Do Not Make An Ass Out of U and Me

“Never assume, you’ll make an ass out of U and ME”.

Some months ago, my team played a game of airsoft against a relatively new team somewhere in QC. Having played for some time now, we thought this would be an easy win, and we went out there to try some new things, with the goal, of course, of hammering them. A funny thing happened, though – we lost the game. We took them too lightly, or in other words, we assumed that they would suck. “Never assume”, some might say, “you’ll just make an ass out of you and me”. I understand the spirit of this saying. What it’s trying to suggest is, in a performance or task, leave no stone unturned. Do not take anything for granted, in our team’s case, the victory.

One year ago, today — the Quirino Grandstand hostage drama — was rife with assumptions. P/Ins Mendoza assumed that the PNP and the Ombudsman would accede to his demands. The Philippine National Police, particularly the Manila Police Department, assumed that P/Insp Mendoza was just trying to gain media mileage. The media assumed they can do more help by getting in the way of police negotiations.

Philosophically.

However, taken literally, I think its rubbish – every action we make, even our thoughts, are and always will be based on at least one assumption; they have to be, otherwise they wouldn’t exist. When I kick a football, I assume that the ball will not burst before I drop it. I assume that gravity will do its job in letting the ball drop to my foot. These are physical assumptions, but there are plenty of social assumptions too: if I kick the ball to my friend I assume he’s going to attempt to catch it. If he doesn’t, and it hits him on the head, that’s funny. So there’s one advantage in assuming: it allows for surprise.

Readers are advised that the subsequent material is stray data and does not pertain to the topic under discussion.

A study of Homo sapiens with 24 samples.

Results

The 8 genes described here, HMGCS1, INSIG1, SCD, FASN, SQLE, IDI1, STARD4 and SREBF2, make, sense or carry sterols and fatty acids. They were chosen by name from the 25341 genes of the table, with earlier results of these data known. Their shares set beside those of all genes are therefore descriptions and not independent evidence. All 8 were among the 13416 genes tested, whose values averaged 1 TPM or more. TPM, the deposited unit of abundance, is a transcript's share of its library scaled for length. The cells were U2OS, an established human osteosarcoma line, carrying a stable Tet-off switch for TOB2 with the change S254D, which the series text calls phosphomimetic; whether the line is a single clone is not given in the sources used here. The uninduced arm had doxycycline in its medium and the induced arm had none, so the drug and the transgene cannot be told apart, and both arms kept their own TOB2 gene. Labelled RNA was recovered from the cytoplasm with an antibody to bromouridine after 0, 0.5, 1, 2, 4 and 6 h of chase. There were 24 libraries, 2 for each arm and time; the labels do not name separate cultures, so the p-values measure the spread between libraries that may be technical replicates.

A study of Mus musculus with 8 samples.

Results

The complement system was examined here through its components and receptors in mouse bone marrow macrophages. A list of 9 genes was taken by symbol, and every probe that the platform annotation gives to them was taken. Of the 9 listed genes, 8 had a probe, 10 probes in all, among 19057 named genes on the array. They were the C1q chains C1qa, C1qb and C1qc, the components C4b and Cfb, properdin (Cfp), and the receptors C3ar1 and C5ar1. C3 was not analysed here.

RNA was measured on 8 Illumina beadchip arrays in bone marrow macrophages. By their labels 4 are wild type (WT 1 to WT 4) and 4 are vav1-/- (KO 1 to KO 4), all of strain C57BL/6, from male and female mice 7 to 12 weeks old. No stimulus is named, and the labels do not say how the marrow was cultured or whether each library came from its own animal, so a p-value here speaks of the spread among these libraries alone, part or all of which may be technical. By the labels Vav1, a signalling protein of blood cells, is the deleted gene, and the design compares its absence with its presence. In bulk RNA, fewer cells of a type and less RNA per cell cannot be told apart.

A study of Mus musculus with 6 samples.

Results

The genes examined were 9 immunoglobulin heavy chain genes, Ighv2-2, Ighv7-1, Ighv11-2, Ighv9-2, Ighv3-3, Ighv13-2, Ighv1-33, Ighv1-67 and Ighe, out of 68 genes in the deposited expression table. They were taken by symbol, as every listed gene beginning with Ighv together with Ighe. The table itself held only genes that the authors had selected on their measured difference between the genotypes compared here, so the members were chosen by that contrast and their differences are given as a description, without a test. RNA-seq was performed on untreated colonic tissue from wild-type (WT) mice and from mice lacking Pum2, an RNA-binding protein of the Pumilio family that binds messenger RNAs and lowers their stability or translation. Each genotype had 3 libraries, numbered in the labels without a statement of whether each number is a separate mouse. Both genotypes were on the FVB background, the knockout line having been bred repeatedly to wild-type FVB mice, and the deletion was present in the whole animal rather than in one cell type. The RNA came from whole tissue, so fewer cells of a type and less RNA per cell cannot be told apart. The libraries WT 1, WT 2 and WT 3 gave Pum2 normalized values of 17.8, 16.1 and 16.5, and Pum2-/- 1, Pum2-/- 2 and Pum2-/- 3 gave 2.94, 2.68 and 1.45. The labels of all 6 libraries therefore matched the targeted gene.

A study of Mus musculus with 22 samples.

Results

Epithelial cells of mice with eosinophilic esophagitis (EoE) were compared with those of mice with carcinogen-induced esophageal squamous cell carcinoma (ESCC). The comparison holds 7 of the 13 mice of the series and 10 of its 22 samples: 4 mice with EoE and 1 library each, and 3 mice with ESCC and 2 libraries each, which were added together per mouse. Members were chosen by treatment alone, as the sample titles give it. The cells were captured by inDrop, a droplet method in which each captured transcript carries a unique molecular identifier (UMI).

Another, more obvious advantage in assuming is that it is the prerequisite for action. Hamlet, from Shakespeare’s play of the same name, procrastinated and was a “coward” only because of his refusal to make an assumption. Had he assumed that the ghost he saw was real, and telling the truth, then he could have acted without hesitation. But he didn’t, he couldn’t. He wouldn’t accept the premise as true, and in logic, you have to assume the premise is true if you want to get to a conclusion. As I’m writing this, I am assuming that people will read it. I assume that those readers speak English, and are familiar with Hamlet. If I cease to assume these simple premises, then my writing will be noticeably different. I may even stop writing. If I question each and every assumption that I possess, then I’ll probably go mad.

In Tom Stoppard’s Rosencrantz and Guildenstern are Dead — a play which expands upon the exploits of two minor characters from Shakespeare’s Hamlet, the courtiers Rosencrantz and Guildenstern — we come across this dialogue between the flustered Guildenstern and the worldly-wise Player:

Guildenstern: We only know what we’re told, and that’s little enough. And for all we know it isn’t even true.

Player: For all anyone knows, nothing is. Everything has to be taken on trust; truth is only that which is taken to be true. It’s the currency of living. There may be nothing behind it, but it doesn’t make any difference so long as it is honored. One acts on assumptions. What do you assume?

Makes sense to me.

My sense of humor can be keen, sarcastic, silly or corny -- sometimes all at once. I enjoy meeting new people with no preconceived ideas about what or what is not possible. You get much more out of life by being open minded and willing. I'm an easy going, good-natured person who loves life and loves people. I'm both optimistic and realistic and pretty objective when it comes to assessing situations, events, etc. In general I am a very positive person and you'll usually find we with a smile on my face.